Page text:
Post-Super-Tuesday thoughts

    Of course, these people are Christian Conservatives who lust in their hearts to become wealthy, and truly believe God wants them to be super rich, for so they are told weekly by the likes of their mega-church pastors, i.e., Joel Osteen. That is why they favor Huckabee and his fair tax plan, which would massively shift the federal tax burden from the rich to the middle class and poor, which they no longer expect to be a part of.
    “Any cheerful thoughts?”
    Absolutely, for the first time in the history of the nation a major political party will nominate someone to be President who is not a white male. The often bandied about expression that “anyone in America can grow up to be President” may actually take on a modicum of truth. And we will catch up with other parts of the world such as: Great Britain with PM Margaret Thatcher in 1979, Angela Merkel as German Chancellor in 2007, and even “islamofascist” Pakistan with Benazir Bhutto as PM in 1988, (although the Pakistanis appear to have recently taken a step back when B.B. was killed in December of last year.

  2. …for the first time in the history of the nation a major political party will nominate someone to be President who is not a white male
    You’re right. Thank you so much for returning my sense of perspective.

  3. “not nearly as free from racial-, ethnic-, or gender-bias as we’d hoped”
    “a major political party will nominate someone to be President who is not a white male”
    Uh, huh.

  4. I know several Californians who have voted for Edwards while being full aware that he has left the race. One specifically cited neither Obama nor Clinton being liberal enough for him.

  5. JEEzum, Patrick! I read your Aunt’s post.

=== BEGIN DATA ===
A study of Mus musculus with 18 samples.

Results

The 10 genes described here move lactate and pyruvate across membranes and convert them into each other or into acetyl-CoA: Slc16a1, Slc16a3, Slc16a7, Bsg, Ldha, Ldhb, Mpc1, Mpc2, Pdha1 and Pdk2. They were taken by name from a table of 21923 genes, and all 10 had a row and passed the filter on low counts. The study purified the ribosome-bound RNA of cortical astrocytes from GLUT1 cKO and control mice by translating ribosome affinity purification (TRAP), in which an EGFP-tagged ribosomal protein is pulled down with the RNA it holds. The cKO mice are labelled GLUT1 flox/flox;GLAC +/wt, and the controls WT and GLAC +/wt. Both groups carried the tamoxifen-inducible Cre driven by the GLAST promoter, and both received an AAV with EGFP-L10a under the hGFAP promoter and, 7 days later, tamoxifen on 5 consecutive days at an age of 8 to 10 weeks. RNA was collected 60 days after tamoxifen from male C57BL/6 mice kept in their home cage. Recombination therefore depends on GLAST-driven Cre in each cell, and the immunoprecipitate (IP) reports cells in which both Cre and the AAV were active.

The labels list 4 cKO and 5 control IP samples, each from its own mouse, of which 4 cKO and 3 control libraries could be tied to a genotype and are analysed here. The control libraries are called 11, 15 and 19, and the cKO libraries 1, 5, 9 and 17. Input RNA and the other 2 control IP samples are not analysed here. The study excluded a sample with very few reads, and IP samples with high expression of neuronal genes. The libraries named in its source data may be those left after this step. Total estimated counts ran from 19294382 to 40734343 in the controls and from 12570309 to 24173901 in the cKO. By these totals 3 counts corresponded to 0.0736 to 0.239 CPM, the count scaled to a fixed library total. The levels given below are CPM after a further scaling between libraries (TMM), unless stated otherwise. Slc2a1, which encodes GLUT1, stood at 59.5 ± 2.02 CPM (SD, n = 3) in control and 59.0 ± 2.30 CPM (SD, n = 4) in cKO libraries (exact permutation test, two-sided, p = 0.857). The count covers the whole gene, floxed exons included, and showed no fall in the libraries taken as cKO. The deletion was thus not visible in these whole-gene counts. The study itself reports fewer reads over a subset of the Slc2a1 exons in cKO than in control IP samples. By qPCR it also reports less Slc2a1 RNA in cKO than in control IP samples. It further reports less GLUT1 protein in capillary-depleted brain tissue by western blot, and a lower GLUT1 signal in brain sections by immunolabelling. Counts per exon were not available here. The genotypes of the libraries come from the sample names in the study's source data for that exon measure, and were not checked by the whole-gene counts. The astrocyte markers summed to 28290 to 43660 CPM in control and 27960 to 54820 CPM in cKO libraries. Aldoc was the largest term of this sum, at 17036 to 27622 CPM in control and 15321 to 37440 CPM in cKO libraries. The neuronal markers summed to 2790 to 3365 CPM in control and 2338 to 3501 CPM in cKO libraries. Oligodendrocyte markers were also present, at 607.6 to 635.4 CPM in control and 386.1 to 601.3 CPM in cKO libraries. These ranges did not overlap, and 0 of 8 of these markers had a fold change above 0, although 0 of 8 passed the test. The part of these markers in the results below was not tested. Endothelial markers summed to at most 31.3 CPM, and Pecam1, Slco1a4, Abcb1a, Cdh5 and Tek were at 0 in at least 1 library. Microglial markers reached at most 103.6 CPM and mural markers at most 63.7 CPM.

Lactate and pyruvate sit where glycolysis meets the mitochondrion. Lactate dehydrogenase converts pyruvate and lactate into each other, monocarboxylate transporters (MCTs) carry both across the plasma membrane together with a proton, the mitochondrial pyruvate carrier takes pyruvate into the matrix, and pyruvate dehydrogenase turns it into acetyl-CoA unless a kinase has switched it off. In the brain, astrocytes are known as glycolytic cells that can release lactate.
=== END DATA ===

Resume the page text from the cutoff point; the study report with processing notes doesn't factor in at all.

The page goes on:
Therese — so they used their votes, then, to make a political statement — to voice their displeasure with their options. Interesting. Thanks for sharing that.

  6. It is cheerful that a major party will not have a white male on the ticket.
    In some of the states Barack Obama even got a majority of the white Democratic vote. (Have to qualify it with Democratic. For a number of years Democratic presidential nominees have not been getting a majority of the white male vote and I doubt this will change with either nominee.)
    I am impressed by the huge turnouts for the Democrats, record breaking. Also by the number of young voters. You can vote for Edwards. He did not withdraw and release his delegates. He only stopped campaigning, like Romney. I was tempted to vote for Edwards in the upcoming caucus and the straw poll vote. I liked his positions the best and polls in the Red states and battleground states showed him the most electable against McCain. I might still do it if it gets him another delegate going into a deadlocked convention as it seems to be.

  7. The gender gap is disheartening. Margaret Thatcher became the first female prime minister of the United Kingdom in 1979. Germany elected Chancellor Angela Merkel in 2005. Ireland elected President Mary McAleese in 1997. Chile elected President Michelle Bachelet in 2006. In 2007, Cristina Fernandez de Kirchner became Argingentina’s first elected president. India elected President Pratibha Patil in 2007. Pakistan elected Benzair Bhutto Prime Minister in 1988. If the United States can not elect a female president, it is falling behind countries such as India and Pakistan.

  8. Patrick, your aunt’s experience sounds like a lot of the households I canvassed for the Obama campaign. Nevertheless, Obama came in first in Iowa & the rest is history. Seems a number of these racists don’t vote.